Selling real estate always comes down to how many potential buyers you can attract to view a listing and then convince them that this one in particular is the one best suited for them. But grabbing the attention of potential buyers is only the first step in closing a successful deal; you’ll also need to hook them after initially attracting them. The actual “hooking” can be done through a variety of techniques and can even be done fairly inexpensively.
Realtors use staging tactics to improve the overall feel and aesthetic of a home’s interior and upgrading appliances can add an additional luxury feel to the property as well. Both options allow you to present a property that a buyer can see themselves living in in the future with confidence that it’s exactly what they’re looking for. New fixtures and appliances also add another benefit besides the look, assurance for the future. Buyers see a beautifully finished interior and know that they’re not going to be dealing with old appliances and other potential problems soon after the large purchase. However, there’s another tool that sellers can take advantage of to beef up their listing and improve closing: the home warranty.
What is a Home Warranty?
A home warranty is like a warranty that you might have for any other product, but specifically designed for homeowners as a protection plan for the things that make their house function every day. Essentially, a home warranty is a service contract that covers specific appliances and systems within a home for a specified period of time. Depending on the type and scope of the warranty, homeowners get special service for covered items from the warranty company. If a washing machine or HVAC unit goes out, and is covered under the plan, then the warranty company will handle the repairs or even replace the unit altogether.
Are They Worth It?
Whether a home warranty is actually worth it or not all comes down to the specific plan chosen and who’s asking. For a homeowner, there are many times where a home warranty really wouldn’t be worth it (Dave Ramsey isn’t a fan, for example). In some cases, homeowners would be better off keeping money saved for an unexpected expense rather than paying a premium for a warranty that they may never need to actually use.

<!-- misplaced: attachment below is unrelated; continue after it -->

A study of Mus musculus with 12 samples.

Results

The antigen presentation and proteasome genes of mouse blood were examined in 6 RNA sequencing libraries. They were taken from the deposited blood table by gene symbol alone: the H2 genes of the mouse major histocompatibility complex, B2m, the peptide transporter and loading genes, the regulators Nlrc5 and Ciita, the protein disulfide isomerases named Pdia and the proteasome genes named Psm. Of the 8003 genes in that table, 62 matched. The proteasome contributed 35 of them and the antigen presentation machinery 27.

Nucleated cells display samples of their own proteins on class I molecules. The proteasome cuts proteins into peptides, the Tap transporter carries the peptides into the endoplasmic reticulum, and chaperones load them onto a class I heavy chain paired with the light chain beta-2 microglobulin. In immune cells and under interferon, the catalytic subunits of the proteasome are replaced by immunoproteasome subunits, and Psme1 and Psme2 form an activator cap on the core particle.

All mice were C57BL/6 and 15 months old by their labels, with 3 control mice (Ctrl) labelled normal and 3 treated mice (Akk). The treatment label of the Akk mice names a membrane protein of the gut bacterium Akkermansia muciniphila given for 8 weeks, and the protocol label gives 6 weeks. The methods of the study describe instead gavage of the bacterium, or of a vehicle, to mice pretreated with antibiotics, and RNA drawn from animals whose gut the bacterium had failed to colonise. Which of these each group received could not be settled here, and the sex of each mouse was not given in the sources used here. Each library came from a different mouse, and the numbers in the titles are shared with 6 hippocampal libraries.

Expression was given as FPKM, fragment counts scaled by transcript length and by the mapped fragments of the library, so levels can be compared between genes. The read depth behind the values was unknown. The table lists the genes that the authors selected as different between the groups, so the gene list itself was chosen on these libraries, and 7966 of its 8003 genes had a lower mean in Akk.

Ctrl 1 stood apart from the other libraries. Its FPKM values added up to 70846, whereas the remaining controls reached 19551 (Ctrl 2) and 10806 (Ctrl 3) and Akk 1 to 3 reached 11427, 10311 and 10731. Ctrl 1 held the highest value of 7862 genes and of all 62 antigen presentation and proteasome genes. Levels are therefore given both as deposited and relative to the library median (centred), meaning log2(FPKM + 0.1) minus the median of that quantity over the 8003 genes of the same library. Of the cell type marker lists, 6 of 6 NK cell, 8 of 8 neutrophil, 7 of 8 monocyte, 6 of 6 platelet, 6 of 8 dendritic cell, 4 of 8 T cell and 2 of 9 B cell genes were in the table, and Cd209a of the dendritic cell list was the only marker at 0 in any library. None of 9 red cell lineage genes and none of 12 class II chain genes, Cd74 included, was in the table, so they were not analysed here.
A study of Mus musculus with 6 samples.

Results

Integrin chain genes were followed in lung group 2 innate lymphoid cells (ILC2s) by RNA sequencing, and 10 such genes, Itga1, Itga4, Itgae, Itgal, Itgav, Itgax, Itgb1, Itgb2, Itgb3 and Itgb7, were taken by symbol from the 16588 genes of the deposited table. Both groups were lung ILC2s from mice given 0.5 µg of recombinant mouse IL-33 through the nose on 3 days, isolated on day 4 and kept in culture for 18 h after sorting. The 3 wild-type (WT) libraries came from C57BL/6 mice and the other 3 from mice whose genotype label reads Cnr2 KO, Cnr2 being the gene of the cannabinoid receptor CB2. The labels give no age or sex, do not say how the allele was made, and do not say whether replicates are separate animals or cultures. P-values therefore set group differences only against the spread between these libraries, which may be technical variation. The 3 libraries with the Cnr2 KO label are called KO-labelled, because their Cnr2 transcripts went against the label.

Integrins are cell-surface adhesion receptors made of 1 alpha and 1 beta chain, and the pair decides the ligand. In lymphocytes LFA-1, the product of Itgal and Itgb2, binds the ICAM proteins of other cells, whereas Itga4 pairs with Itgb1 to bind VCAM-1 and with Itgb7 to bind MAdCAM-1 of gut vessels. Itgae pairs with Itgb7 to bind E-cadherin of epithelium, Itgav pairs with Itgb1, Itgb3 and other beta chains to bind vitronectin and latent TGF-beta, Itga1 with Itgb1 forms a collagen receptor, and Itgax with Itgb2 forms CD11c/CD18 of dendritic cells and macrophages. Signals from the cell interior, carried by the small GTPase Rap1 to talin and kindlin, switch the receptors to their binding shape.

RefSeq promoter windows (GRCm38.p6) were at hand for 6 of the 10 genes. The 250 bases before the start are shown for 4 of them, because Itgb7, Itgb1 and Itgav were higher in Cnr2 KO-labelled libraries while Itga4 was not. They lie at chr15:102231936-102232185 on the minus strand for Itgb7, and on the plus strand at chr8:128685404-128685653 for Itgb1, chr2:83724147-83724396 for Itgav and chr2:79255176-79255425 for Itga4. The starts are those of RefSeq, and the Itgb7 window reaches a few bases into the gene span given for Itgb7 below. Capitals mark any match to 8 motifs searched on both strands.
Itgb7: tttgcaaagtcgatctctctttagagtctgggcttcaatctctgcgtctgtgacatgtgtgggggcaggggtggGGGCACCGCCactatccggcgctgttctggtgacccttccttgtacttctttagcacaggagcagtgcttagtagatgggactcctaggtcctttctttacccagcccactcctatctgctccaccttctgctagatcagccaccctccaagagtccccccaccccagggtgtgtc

However, if you’re the one selling a property, it’s an entirely different story. Research shows that properties selling with home warranties sell faster and for more than those on the market without them. According to data collected from a home sales study conducted by American Home Shield, homes with warranties spent an average of 11 days fewer on the market and sold for an average of $2,300 more than homes selling without a warranty. For sellers, that means less time spent on the market and a higher price on closing day; what’s not to love?
At the end of the day, home warranties can be an incredibly useful tool for sellers looking to seal the deal without spending an arm and a leg. Looking at a list of Home Warranty Company Reviews, it’s not difficult to find a service provider in the area a property is listed in and find a plan that will work best for your situation.
In fact, sellers can purchase (or include with the sale) an affordable limited home warranty that doesn’t cover every aspect of the home and still reap the benefits of having the warranty in the listing because of one simple factor, the psychology of a buyer.
For most consumers, buying a house is likely going to be the single-largest purchase they’ll make and is a massive financial decision. Between the lengthy process of getting a mortgage and saving for a hefty down payment on a home, home buyers want assurance when going through with a purchase, not additional concerns.
Even if not the be-all and end-all of a listing, warranties offer just one more way for buyers to feel secure in the purchase they’re going to make, and the data shows that it’s effective. If you’re looking for an inexpensive way to attract more potential buyers to your listing, consider leveraging a cost-effective home warranty with your home for sale. The numbers speak for themselves.